Written by: Tom Rosenbauer
The saltwater Grand Slam has been established as a quasi-official accomplishment by the International Game Fish Association for many years. According to the IGFA, a grand slam is catching three different species of fish in a single calendar day. They also have categories for Super Slam, four different species, and Fantasy Slam, for five different species. When most fly anglers talk of a Grand Slam, it’s a bonefish, permit, and tarpon on the same day. And for the Super Slam, the most recognized additional species is a snook, and I’ve heard of mutton snapper added for the Fantasy Slam.
I’ve never caught what I consider a grand slam (bonefish, tarpon, permit) in salt water. I’ve been close in Belize with a permit and a bonefish, and also in the Keys with a permit and a tarpon. I was so close on that Keys slam, and after catching the permit and tarpon I worked over some bonefish that brutally snubbed me. In any other part of the world, the bonefish would have been a sure thing, but a Keys bonefish is a different animal. Or at least I tell myself that to ease the pain.
If you think you’re hot stuff because you realized a grand slam, consider this one: While fishing in Cuba, Greg Vincent of H2O Bonefishing made a Super Slam in four casts. That’s right: One cast for each fish. That takes more than just superb fishing skills. It requires a lifetime of reading the body language of fish, picking out the one fish most likely to eat, and pitching the fly at just the right moment to intercept the fish without spooking it. And not screwing up that one cast.
Many years ago, after hearing about the saltwater Grand Slam, I decided to create the Vermont Grand Slam for local waters. I even wrote about it somewhere, but the when and where escape me—probably for The Orvis News, back when it was printed on stuff made from dead trees instead of in pixels. I wanted to make the Vermont Slam a stretch, something you might achieve once or twice a season if you were lucky. I decided that it would include the three species of trout that reproduce in Vermont—brooks, browns, and rainbows—and that all three of the fish must be wild, not hatchery stock. It’s easy to stay away from stocked trout in Vermont because the state does not dump hatchery fish in many rivers, other than the mainly larger rivers close to population centers (or what pass for population centers in Vermont). To make it more difficult, I decided for my slam, all three species must be caught in the same stream, without getting into a car and moving to another spot, even another spot is on the same creek.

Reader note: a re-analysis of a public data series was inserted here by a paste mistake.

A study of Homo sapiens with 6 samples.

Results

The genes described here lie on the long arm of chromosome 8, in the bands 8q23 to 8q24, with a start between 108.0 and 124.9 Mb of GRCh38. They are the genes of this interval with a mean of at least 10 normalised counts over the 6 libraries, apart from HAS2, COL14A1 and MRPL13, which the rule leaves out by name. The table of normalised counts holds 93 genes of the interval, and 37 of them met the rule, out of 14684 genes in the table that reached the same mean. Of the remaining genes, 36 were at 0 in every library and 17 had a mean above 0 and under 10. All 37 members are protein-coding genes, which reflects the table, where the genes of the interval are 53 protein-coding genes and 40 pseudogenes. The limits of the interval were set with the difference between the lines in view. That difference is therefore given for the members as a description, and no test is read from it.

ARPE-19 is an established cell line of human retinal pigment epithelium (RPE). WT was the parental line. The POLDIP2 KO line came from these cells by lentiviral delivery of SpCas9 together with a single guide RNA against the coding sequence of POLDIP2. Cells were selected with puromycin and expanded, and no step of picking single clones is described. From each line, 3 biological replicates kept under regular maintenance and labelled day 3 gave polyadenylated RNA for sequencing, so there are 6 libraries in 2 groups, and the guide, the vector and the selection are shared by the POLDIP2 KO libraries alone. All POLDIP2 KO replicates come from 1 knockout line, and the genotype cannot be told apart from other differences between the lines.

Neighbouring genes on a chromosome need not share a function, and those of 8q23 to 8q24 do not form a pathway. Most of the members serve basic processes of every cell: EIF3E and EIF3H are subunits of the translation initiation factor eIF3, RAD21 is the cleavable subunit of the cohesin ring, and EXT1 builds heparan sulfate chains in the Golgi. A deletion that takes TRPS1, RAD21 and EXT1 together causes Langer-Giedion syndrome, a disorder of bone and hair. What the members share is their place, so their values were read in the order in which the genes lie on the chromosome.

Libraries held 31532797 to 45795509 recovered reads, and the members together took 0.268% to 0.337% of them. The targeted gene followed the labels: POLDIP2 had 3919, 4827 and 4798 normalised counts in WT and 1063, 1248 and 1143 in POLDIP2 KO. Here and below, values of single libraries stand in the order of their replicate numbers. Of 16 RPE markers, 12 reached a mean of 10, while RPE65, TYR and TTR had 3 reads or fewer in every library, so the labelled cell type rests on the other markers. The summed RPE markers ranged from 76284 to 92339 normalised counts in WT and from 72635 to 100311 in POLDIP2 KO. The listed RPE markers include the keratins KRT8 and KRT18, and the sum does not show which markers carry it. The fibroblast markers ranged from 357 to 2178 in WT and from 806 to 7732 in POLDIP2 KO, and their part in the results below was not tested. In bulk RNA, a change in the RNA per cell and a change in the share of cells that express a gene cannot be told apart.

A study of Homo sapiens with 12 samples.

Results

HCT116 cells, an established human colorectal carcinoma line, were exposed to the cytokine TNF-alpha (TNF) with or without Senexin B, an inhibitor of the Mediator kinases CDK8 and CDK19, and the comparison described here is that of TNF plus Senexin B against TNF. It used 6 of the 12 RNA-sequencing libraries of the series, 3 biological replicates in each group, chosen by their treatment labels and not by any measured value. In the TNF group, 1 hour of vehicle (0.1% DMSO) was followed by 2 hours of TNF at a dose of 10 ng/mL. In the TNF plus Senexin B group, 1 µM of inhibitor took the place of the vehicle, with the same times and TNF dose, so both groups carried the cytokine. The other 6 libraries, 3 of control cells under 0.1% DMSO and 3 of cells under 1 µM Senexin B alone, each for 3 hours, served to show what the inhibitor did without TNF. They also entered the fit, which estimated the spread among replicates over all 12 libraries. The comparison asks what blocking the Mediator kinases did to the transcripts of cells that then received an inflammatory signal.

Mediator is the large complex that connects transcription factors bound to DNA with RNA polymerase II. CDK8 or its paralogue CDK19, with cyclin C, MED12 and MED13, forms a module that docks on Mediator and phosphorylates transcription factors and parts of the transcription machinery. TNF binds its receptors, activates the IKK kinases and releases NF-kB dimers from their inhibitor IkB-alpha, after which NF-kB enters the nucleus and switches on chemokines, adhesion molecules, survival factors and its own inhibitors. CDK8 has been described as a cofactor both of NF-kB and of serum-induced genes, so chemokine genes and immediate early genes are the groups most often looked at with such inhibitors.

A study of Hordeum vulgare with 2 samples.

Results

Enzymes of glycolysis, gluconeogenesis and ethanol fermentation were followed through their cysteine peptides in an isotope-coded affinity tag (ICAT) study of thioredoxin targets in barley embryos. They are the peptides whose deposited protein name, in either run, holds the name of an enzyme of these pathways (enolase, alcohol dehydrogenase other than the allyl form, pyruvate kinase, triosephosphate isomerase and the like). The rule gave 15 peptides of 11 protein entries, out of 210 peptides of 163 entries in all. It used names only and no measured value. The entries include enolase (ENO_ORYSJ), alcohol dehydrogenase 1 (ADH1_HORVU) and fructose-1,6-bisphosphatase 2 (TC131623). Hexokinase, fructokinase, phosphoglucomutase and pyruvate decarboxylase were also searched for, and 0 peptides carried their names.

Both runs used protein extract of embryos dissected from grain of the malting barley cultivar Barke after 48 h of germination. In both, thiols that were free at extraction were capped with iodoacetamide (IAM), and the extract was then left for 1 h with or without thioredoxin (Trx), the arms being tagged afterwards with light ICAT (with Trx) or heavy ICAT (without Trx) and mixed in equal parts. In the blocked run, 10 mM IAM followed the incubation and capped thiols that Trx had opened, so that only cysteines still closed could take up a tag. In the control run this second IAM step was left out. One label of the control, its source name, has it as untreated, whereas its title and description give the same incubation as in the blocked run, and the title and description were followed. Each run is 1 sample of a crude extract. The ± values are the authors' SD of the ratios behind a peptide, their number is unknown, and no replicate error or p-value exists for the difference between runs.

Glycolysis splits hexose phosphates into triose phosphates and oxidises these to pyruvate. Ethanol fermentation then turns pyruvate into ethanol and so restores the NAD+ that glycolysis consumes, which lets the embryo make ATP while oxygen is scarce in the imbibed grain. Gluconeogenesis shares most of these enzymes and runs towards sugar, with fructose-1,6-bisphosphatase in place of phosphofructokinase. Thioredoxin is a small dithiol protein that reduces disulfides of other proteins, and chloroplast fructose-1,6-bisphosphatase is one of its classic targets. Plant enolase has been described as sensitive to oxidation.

I never venture forth and attempt to catch a Grand Slam—it’s more opportunistic. It usually happens when I catch a brook trout in a stream mostly populated by browns and rainbows. Brown and rainbow trout prefer the lower, deeper, slightly warmer waters of our valley streams, while brook trout stay in the colder headwaters. It’s often said that rainbows and especially browns out-compete brook trout where they occur together, but in headwater streams, with colder water and a sparse food supply, brook trout have a competitive advantage because they thrive in colder water and are better adapted to surviving with a sparse food supply and harsh environment. In many of these headwater streams, brook trout are the only fish able to survive. Dace, sculpins, and creek chubs can’t even cut it. My Vermont Grand Slams have always happened either in the early season, when some brook trout drop into the lower reaches for the winter and have not moved back into the headwaters, or at the mouth of a cold tributary in the summer, where the temperatures are cool enough to hold brook trout.
You can create your own Local Slam. One of the great things about this is that it’s your slam, and no one on social media can troll you and blather that you didn’t do it right. Better yet, keep it to yourself and off social media. People will care as much about your local slam as they would pictures of your cat. If you’re in the West, you might try to catch several subspecies of cutthroats in a single day, as friends of mine in Utah recently did. If you live outside of trout country, maybe four different species of panfish within city limits. Or a largemouth and smallmouth bass and a bluegill and another sunfish. A mirror carp, a common carp, and a goldfish. If you don’t have a wide variety of species, try catching sunfish on a dry fly, nymph, popper, and streamer. Try steelhead on a swung fly, a nymph, and a stripped streamer.
Just make it your slam and don’t make it too easy. A slam should be a stretch, something you might do once or twice a year. Or maybe once in a lifetime. You decide.
Tom Rosenbauer has been the face of Orvis Fly Fishing for decades, and his books, videos, and podcasts have taught millions of people to catch more fish.
6 thoughts on “The Joys of the “Local Slam””
Great article as usual, Tom. I actually did this last year when I caught a brook, brown and rainbow in the same stream on the same day. I thought to myself, I caught a Pennsylvania Slam! At least that’s what I coined it.
how about a chinook. coho , rainbow, brown, and atlantic n the same day
On my favorite Missouri stream I have a local slam. Stream bred rainbow, smallmouth bass, and chain pickerel in one day. I have not done it, but my fishing partner has.
We’ve got the Northern Rockies Grand Slam
Redeye bass slam! The bass slam from the state with most freshwater bass ( fish), species in the USA, Alabama. Check out Matthew Lewis’s book “Fly Fishing for Redeye Bass”
On the Farmington River in CT I once landed A brookie, rainbow, brown and a salmon par all in a 100 yard stretch of the river. They were all smaller fish, otherwise unremarkable, but I still fondly remember that day she 20 years later. Your quite right about creating your own local Slam.